I visited Liberty Mutual’s website recently and read information about the company’s plans to form a mutual holding company. It sounds like a great deal for policyholders: a more efficiently organized, flexible, stronger and more competitive company. Funny, the website didn’t mention that policyholders would be taken to the tune of about $6 billion. Probably an honest oversight.
Liberty Mutual is the latest insurer to try to turn demutualization into a shell game that for policyholders has shells and nothing else. In gambling, this is blatantly illegal. In insurance, it has the blessing of regulators.
To clarify, there is nothing illegal about Liberty Mutual’s demutualization proposal. There is nothing original about it either. Prudential, John Hancock, Metropolitan Life, New York Life and Guardian, among others, all had the same idea. These carriers initially got the approval of regulators and most of their policyholders.
So what’s wrong with what Liberty Mutual wants to do? Nothing, if you’re a fan of legalized bait-and-switch schemes.
The bait: Mutual insurers, particularly life carriers, like to tell prospective clients that buying a policy makes them an “owner” of the company.
The switch: When it comes time to demutualize, the “owners” get an interest in the newly created mutual holding company and no stock in the newly created stock insurer subsidiary. The company’s executives get that, or a lot of it, anyway. Interest in a mutual holding company is equivalent to owning the air under a pea-less shell.
On the Liberty Mutual website, in the section entitled “Why MHC?” it is noted that the “restructuring will not change our relationship with policyholders, nor the coverage and contracts they have with us. We will continue to have shared interests with policyholders, who came to us for insurance, not as an investment.” The latter sentence makes Liberty Mutual the leader in the clubhouse for this year’s prize of “Most Disingenuous Statement.”
That Liberty Mutual, with billions of dollars at stake, would display contempt for its policyholders is no surprise, but the company apparently either hasn’t been paying attention to the holding company plans of Prudential, John Hancock, etc., or Liberty Mutual is also the leader in hubris as well.
In any case, Liberty Mutual, whether it realizes it or not, is in the midst of a public relations war with David Schiff, editor of Schiff’s Insurance Observer an occasional 800-pound fly in the industry’s ointment. In a recent edition of his newsletter, Schiff labeled Liberty Mutual’s MHC plan as a “$6-billion ripoff.” Liberty Mutual policyholders, according to Schiff, would receive on average $6,060 to $9,090 if the company fully demutualized and thereby provided stock or equivalent cash payments to its insureds/”owners.”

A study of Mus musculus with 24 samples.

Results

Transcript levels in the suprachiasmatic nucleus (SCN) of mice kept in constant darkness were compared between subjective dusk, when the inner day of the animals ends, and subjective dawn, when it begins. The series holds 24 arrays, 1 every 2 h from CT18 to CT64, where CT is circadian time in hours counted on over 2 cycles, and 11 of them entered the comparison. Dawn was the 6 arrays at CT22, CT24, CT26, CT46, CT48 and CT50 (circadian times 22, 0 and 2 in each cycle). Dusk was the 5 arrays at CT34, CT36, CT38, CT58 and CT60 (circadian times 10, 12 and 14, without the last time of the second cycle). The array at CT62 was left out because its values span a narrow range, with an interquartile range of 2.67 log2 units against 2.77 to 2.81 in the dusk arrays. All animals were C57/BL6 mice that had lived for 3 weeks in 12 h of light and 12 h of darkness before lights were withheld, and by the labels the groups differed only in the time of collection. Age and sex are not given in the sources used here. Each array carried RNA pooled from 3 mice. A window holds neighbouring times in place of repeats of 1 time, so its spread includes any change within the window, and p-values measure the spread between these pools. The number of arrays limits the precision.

Schiff’s numbers might be disputable, but his logic is not. I know, because I am a beneficiary of the efforts of Schiff and other rabble-rousers who derailed similar MHC plans of my life insurer, Principal.
The parallels between Principal and Liberty Mutual are profound. Like Liberty Mutual policyholders, I received propaganda from Principal telling me how its MHC proposal would be of great benefit to me.
Like most Liberty Mutual insureds, I took Principal at its word—until my rabble-rousing insurance agent called and urged me to vote “no” on the MHC. She explained that what I would get is nowhere close to what I should get.
My agent was one of the few Principal producers who urged clients to vote against a proposal that clearly wasn’t in their best interests. (Most Principal policyholders voted for the MHC.) The Iowa Department of Insurance, despite hearing from my agent, Schiff and others about the inherent inequity in the plan, approved it. (Let’s see, agents dropped the ball, as did the regulator. There aren’t many heroes here, are there?)
Only the threat of class-action lawsuits caused Principal to rethink its plans. As such, instead of getting meaningless “interest” in an MHC, I will receive in excess of $16,000 in Principal stock or, if I choose, cash.
I suspect there will be a similar course of events with Liberty Mutual. Most policyholders will, out of ignorance, vote for the MHC; the insurance departments of Massachusetts and Wisconsin will okay it; and then the lawyers will get involved.
The wildcards are what kind of legal advice Liberty Mutual will get and the extent to which the company’s executives are willing to push for what Schiff estimates is the 18 percent of the company they would receive in stock and options under the proposed MHC.
Richard Rambeck, the former editor of InsuranceWeek, has written about insurance issues for nearly a dozen years. He can be reached via e-mail at firstname.lastname@example.org.